When my company took on a significant project delivering production-ready code in the entertainment space, we moved faster than our clients expected -- and this created a problem.
Our releases needed hot fixes, but we didn’t have enough access to their code and environments to do a Q&A cycle. So, when the product we developed didn’t work, we didn’t have the tools to fix it. And what was their response to this lack of clarity?
“You screwed up -- why should we give you access?”
Communication problems between developers and business people have existed for almost as long as software development itself. In the past, this was exacerbated by the inaccessibility of technical concepts for nontechnical people and sometimes the isolationist attitudes of developers themselves.
Fortunately, this dynamic is changing as tech becomes more accessible and development processes become more transparent. Learning to communicate effectively with developers is essential for any entrepreneur in the tech space. Failure to do so will certainly cost unnecessary time and money -- and possibly lead to project failure.
The following tips will facilitate more effective communication:
1. Iron out expectations.
When discussing an upcoming project, be very clear about expectations for the end result. A concept called scope creep affects many technical products after an abbreviated set of features is initially scoped, but additional features are added at a later date.
Seemingly trivial custom features -- such as a new button or widget -- can actually be very time-consuming to implement (and can get harder and more labor intensive as development progresses). If changes must be made, try to request them as soon as possible.
2. Open up and listen.
Communication with a development team is a two-way street. Entrepreneurs who get caught up in defining products might miss critical feedback from their teams regarding feasibility and timelines.
Accurately gauging implementation costs for software projects is difficult, but it’s also something good developers work hard to master. Development teams are adept at providing clear and honest feedback when things get delayed or off track.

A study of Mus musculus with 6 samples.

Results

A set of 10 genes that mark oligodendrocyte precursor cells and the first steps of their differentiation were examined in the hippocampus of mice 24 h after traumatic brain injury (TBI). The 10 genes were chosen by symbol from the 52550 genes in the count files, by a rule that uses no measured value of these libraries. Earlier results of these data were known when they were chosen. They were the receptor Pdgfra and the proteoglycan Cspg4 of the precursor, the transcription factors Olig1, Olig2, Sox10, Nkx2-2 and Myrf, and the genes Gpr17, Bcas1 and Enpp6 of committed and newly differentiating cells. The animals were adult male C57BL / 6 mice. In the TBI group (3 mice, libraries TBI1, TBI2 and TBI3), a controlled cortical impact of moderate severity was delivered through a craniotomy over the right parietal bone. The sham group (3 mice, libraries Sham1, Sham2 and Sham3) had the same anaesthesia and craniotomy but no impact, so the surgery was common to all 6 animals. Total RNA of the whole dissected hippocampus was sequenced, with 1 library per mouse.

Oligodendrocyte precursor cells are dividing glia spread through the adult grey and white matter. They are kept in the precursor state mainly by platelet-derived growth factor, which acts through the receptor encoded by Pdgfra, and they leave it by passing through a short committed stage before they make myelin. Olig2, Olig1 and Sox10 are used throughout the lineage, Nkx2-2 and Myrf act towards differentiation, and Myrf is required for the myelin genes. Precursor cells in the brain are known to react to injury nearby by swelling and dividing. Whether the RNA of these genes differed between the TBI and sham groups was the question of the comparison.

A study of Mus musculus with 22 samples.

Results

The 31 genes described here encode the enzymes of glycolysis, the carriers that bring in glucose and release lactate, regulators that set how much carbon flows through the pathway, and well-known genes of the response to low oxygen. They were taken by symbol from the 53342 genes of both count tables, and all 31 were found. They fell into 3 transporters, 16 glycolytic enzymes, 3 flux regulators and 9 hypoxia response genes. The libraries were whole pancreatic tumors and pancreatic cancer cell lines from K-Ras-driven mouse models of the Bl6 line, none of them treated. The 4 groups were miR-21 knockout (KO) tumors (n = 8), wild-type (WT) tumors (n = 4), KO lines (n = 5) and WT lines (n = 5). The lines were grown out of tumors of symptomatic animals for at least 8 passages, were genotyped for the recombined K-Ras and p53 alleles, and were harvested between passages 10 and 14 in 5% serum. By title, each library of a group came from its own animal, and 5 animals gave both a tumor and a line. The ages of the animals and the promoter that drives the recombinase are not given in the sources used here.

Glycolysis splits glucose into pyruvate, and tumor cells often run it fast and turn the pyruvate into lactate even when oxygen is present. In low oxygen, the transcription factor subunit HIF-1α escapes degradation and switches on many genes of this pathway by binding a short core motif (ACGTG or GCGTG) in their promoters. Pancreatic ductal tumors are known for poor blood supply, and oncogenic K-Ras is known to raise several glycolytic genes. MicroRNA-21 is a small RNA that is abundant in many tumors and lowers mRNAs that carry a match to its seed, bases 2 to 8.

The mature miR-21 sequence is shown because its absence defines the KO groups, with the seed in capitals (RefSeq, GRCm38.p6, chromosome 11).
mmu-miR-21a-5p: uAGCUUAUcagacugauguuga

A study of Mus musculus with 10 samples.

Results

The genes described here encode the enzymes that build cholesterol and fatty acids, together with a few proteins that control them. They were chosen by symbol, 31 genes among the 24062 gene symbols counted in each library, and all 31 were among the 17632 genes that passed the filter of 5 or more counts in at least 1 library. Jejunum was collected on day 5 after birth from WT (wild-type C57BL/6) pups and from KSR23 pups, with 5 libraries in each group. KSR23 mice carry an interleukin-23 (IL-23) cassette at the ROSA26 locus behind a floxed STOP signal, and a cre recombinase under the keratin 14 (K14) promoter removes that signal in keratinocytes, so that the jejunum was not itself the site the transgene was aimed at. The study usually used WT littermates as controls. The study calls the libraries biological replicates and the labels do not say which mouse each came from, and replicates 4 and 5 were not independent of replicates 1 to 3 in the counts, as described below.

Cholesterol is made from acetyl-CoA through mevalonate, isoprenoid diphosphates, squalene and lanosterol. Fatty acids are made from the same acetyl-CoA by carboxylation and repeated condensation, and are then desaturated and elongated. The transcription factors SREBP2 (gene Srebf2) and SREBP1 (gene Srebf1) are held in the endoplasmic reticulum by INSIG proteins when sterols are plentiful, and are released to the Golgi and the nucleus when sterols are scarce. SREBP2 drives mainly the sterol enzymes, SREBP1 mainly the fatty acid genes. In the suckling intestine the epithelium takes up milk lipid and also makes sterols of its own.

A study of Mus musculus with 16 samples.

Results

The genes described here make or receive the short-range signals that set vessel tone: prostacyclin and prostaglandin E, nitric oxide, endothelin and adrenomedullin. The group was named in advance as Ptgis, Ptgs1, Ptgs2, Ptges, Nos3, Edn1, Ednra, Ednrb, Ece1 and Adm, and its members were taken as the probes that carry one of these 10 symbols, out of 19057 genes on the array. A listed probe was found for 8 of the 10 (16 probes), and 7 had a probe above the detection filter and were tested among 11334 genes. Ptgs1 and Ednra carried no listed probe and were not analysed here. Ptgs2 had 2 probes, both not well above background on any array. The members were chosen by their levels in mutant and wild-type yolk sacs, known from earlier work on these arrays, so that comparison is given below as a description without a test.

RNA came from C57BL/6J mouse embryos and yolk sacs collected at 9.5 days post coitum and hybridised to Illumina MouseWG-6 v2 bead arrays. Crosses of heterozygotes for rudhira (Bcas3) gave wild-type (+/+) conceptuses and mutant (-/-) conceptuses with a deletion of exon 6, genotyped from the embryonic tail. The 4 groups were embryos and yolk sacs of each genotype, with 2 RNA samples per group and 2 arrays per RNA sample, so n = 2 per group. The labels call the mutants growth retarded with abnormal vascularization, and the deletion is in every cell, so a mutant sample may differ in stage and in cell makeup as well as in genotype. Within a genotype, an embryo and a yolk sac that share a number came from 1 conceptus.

An entrepreneur’s reaction to this feedback is also critical to future communication. Focus on what can be done to remediate the effects of the delay, and avoid assigning blame unless it becomes a pattern.
3. Remember: You get what you pay for.
Developers are no exception to this time-tested rule, and business owners really do get what they pay for, with very few exceptions. The outsourced team charging $10 per hour may sound attractive, but if the project fails to meet expectations, it is likely to cost more in the long run.
This doesn’t mean companies should hire only in-house developers, or that outsourcing is bad. But expectations should be correlated with cost. Don’t expect cheaper junior developers to architect solutions without outside help.
Conversely, expectations for more expensive developers should be higher and include clear and concise communication, regular updates and robust architecture. Delays will inevitably happen, but with higher-priced, more experienced staff, they should not be a regular occurrence.
4. Understand your team’s methodology.
To manage reasonable expectations, it’s important to know how a development team works. Some teams still use the more traditional waterfall method of development, but most modern teams use some form of agile management instead.
These development styles each present radically different experiences for those managing projects. Waterfall development tends to turn out complete features developed according to strict specs. Agile development, on the other hand, turns out features faster but often requires several iterations to work out the bugs.
Understanding which style your team uses tells you whether to focus on the specs up front or on dynamic feedback as the project progresses. When critiquing agile projects, remember to avoid introducing scope creep by instead focusing on the original features. Those can be added to a future iteration. My company always accepts valuable changes by having dedicated teams for clients. This way, we avoid scope altogether.
These tips will allow tech entrepreneurs to develop productive and amicable relationships based on mutual respect and to build trust with development teams. As you improve at managing these partnerships over time, you can develop better products faster and more efficiently than ever before.